Perris, CA asked in Real Estate Law for California

Q: Mom,74 needs a loan against an OWNED prop& I will be co-app. I need to be on deed ,how do i do that w/o paying alot of $

She owns 1 prop & wants to buy lot next door. She needs me to be on said loan because I have a job. Im told i need to be on deed ,which is okay( we live together & pay things together anyway ). I just dont want to need a 2nd loan to cover the costs of altering the deed. Riverside co. Perris,CA

Delaram Keshvarian
Delaram Keshvarian
  • Orange, CA
  • Licensed in California

A: Thank you for your question!

1. For your mother to get the mortgage under your name, there is no need to add your name to the deed.

2. If you prefer to add your name to the deed, then there are necessary elements for the conveyance of a deed to be valid:

1. A sufficient writing of the names of granite and grants, operative words of conveyance, and sufficient description of the property.

2. Competent parties

3. Property interests that may be legally transferred

4. Property execution

5. Delivery and acceptance

This is merely a discussion of general laws and not legal advice. For comprehensive advice, more specific facts and investigations are needed. I recommend you consult with an attorney in more detail.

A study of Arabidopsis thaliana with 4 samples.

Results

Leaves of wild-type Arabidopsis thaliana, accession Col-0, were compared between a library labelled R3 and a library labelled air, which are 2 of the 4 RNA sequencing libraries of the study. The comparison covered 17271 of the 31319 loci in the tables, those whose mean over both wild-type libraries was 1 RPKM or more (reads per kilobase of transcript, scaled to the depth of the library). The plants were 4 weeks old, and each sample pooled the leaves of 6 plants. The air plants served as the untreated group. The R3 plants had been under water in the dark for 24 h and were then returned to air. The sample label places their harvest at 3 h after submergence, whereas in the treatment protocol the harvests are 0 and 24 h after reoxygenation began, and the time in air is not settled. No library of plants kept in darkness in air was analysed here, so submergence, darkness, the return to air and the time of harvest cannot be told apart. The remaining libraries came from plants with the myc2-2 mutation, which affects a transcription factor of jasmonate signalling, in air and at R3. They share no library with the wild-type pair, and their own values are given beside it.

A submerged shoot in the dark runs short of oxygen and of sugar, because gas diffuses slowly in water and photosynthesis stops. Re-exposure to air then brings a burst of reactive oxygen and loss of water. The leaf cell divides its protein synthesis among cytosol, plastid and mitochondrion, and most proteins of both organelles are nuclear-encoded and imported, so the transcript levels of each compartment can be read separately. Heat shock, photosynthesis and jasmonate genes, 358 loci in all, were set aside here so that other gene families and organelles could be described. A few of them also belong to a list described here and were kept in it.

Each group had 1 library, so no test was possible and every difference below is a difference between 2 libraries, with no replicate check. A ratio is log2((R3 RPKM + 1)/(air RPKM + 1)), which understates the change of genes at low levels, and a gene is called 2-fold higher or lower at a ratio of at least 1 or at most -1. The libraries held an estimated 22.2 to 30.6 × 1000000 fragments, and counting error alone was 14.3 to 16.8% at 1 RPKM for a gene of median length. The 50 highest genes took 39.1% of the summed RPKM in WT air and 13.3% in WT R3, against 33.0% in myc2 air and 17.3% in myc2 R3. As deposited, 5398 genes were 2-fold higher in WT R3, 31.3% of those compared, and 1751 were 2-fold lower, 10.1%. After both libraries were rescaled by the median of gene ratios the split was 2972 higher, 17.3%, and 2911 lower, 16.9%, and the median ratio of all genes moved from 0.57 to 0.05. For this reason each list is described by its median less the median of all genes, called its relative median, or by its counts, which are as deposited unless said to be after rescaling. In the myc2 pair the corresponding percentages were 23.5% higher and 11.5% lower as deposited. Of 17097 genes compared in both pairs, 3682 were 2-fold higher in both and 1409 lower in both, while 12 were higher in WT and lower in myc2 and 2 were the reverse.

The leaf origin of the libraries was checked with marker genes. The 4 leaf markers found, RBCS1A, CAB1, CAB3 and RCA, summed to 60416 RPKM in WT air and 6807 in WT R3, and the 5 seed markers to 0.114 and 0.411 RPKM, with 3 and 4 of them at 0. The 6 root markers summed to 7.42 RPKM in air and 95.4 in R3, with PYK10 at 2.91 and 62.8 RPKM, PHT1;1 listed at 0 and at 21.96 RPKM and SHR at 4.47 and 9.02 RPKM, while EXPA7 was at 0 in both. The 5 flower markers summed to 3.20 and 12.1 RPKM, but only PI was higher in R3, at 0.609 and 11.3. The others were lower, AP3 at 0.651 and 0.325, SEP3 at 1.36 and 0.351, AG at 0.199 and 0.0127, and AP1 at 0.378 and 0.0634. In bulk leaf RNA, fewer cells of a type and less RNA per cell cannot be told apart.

James L. Arrasmith pro label Lawyers, want to be a Justia Connect Pro too? Learn more ›
  • Sacramento, CA
  • Licensed in California

A: To add your name to the deed without incurring significant costs, you can consider the following options:

1. Quitclaim Deed: Your mother can execute a quitclaim deed to add you to the title. This is a relatively simple and inexpensive process that transfers her interest in the property to both of you as joint tenants or tenants in common. However, a quitclaim deed does not provide any guarantees or warranties regarding the title.

2. Grant Deed: A grant deed is similar to a quitclaim deed but includes an implied warranty that your mother has not previously transferred the property to someone else. This offers a bit more protection than a quitclaim deed.

In both cases, you'll need to have the deed prepared, signed, notarized, and then recorded with the Riverside County Recorder's Office. The recording fees are usually not substantial, and you may be able to prepare the deed yourself using online resources or with minimal assistance from a legal professional.

Please note that adding your name to the deed may have tax and estate planning implications. It's advisable to consult with a legal professional or tax advisor to ensure that this aligns with your mother's long-term estate planning goals and to understand any potential tax consequences.

Additionally, make sure to discuss this plan with the lender providing the loan against the property. They may have specific requirements or preferences regarding how the deed should be structured to protect their interests in the property.